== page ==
Chad Andrews (96BA) started running more than a decade ago to relieve stress.
“Once I started, I would go a little bit farther every night,” says Andrews. “Before I knew it, I was running a few miles a day and decided to run a marathon.”
Andrews wanted to run the Chicago Marathon, but he had missed the deadline to gain entry for the 2011 race. He could, however, secure a spot in the 26.2-mile trek by fundraising and running on behalf of a charity or nonprofit. Andrews, of Coralville, Iowa, chose University of Iowa Dance Marathon and started to train with UI students twice a week.
“These students are so dedicated to Dance Marathon and raising money for others—even in the midst of carrying a full academic workload, being involved in student organizations, and, in some cases, working to pay their way through school,” says Andrews, who studied psychology at Iowa and earned an MBA before transitioning to a career in financial services. “I was impressed by the caliber of students representing Dance Marathon, and their excitement and dedication prompted me to continue to do more.”
While he and his fiancée, Monica Boeckenstedt, have supported patients at University of Iowa Stead Family Children’s Hospital through their annual gifts, they are also planning to support pediatric and young patients through their estate plans. Through a bequest, they aim to extend their support further for UI Dance Marathon, UI Stead Family Department of Pediatrics/Hematology and Oncology, and the Adolescent and Young Adult Program.
“Through my work as a financial adviser at Raymond James Financial Services, I advise people, professionally, to plan for the future—so it’s good to practice what you preach,” says Andrews. “During the COVID pandemic, I put a comprehensive estate plan in place, and part of that process was identifying organizations that I want to support. Dance Marathon has been a good steward of my past donations, and I like the idea that students make the decisions on what to do with the money that is raised.”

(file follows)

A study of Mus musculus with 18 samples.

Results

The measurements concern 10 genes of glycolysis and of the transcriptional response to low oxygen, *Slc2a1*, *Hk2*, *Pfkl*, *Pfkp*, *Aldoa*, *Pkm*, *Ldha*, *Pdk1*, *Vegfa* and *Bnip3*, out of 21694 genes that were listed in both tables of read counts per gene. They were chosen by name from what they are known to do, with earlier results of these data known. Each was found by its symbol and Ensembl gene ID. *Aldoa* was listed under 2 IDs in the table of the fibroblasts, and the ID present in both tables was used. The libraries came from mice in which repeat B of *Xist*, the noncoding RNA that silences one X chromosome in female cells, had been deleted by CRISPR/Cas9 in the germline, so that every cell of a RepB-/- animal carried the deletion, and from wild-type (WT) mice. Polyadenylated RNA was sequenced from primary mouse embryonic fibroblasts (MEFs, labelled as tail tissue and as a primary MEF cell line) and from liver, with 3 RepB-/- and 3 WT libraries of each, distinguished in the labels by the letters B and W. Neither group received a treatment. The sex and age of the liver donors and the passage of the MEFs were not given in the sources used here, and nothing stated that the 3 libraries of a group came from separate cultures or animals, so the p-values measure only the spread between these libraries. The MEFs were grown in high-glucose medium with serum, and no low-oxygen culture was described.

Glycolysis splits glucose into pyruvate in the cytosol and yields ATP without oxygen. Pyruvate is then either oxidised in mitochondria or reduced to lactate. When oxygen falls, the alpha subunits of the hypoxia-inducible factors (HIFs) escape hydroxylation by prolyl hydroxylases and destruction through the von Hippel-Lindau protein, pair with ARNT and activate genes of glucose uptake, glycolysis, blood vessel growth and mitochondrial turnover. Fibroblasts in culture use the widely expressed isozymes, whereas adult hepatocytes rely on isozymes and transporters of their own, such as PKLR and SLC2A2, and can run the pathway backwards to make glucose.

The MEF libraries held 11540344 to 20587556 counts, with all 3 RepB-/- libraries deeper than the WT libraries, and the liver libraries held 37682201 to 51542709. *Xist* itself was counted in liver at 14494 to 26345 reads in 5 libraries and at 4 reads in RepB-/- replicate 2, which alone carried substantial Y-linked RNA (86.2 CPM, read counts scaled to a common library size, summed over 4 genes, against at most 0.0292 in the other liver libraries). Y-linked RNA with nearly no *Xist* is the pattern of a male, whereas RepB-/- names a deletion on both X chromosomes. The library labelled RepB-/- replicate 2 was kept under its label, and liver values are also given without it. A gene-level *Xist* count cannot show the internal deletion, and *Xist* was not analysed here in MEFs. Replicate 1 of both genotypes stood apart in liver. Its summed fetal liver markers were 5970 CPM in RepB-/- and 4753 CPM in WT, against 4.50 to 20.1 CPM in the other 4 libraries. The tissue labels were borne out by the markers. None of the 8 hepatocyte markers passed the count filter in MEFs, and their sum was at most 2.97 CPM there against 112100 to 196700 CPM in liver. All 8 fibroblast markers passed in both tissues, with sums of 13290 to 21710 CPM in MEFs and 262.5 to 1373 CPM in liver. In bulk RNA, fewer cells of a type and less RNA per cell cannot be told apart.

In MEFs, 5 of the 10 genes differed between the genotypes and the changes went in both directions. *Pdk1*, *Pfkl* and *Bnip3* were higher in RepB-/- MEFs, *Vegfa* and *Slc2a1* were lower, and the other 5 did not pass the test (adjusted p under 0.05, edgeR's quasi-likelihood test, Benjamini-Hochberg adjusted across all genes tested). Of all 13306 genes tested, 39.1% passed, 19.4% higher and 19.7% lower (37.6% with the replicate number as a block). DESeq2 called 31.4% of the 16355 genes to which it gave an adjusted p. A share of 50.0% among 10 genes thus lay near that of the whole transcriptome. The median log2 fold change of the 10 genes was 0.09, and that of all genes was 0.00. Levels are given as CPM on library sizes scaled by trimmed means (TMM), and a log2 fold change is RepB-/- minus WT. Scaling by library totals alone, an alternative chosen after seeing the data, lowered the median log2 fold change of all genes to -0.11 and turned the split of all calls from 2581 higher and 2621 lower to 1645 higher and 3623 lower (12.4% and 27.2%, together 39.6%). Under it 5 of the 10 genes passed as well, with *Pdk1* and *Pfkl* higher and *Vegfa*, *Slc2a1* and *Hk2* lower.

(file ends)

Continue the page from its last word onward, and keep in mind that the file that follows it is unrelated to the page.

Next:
While Andrews worked in college at what is now known as UI Stead Family Children’s Hospital—and liked the idea of further supporting work that helps the Hawkeye State’s most vulnerable patients—his reasons for supporting the Adolescent and Young Adult Program hit much closer to home. He’s friends with and was a neighbor to Iowa men’s basketball head coach Fran McCaffery and Margaret McCaffery, whose son, Patrick, was diagnosed with thyroid cancer in 2014.
“I learned that patients like Patrick have unique needs, and those needs are not often met the way they should be,” says Andrews. “You don’t treat teenage cancer patients like a younger child, but they’re also not adults. What interested me in the Adolescent and Young Adult Program was that there are few like it, and I like the idea of being on the cutting edge and helping support something that is unique.
“At the end of the day, you want to help people who need it—that’s why I support Iowa.”
Learn how you can make a difference at the University of Iowa. Contact Susan J. Hagan, JD at 319-335-3305 or email@example.com.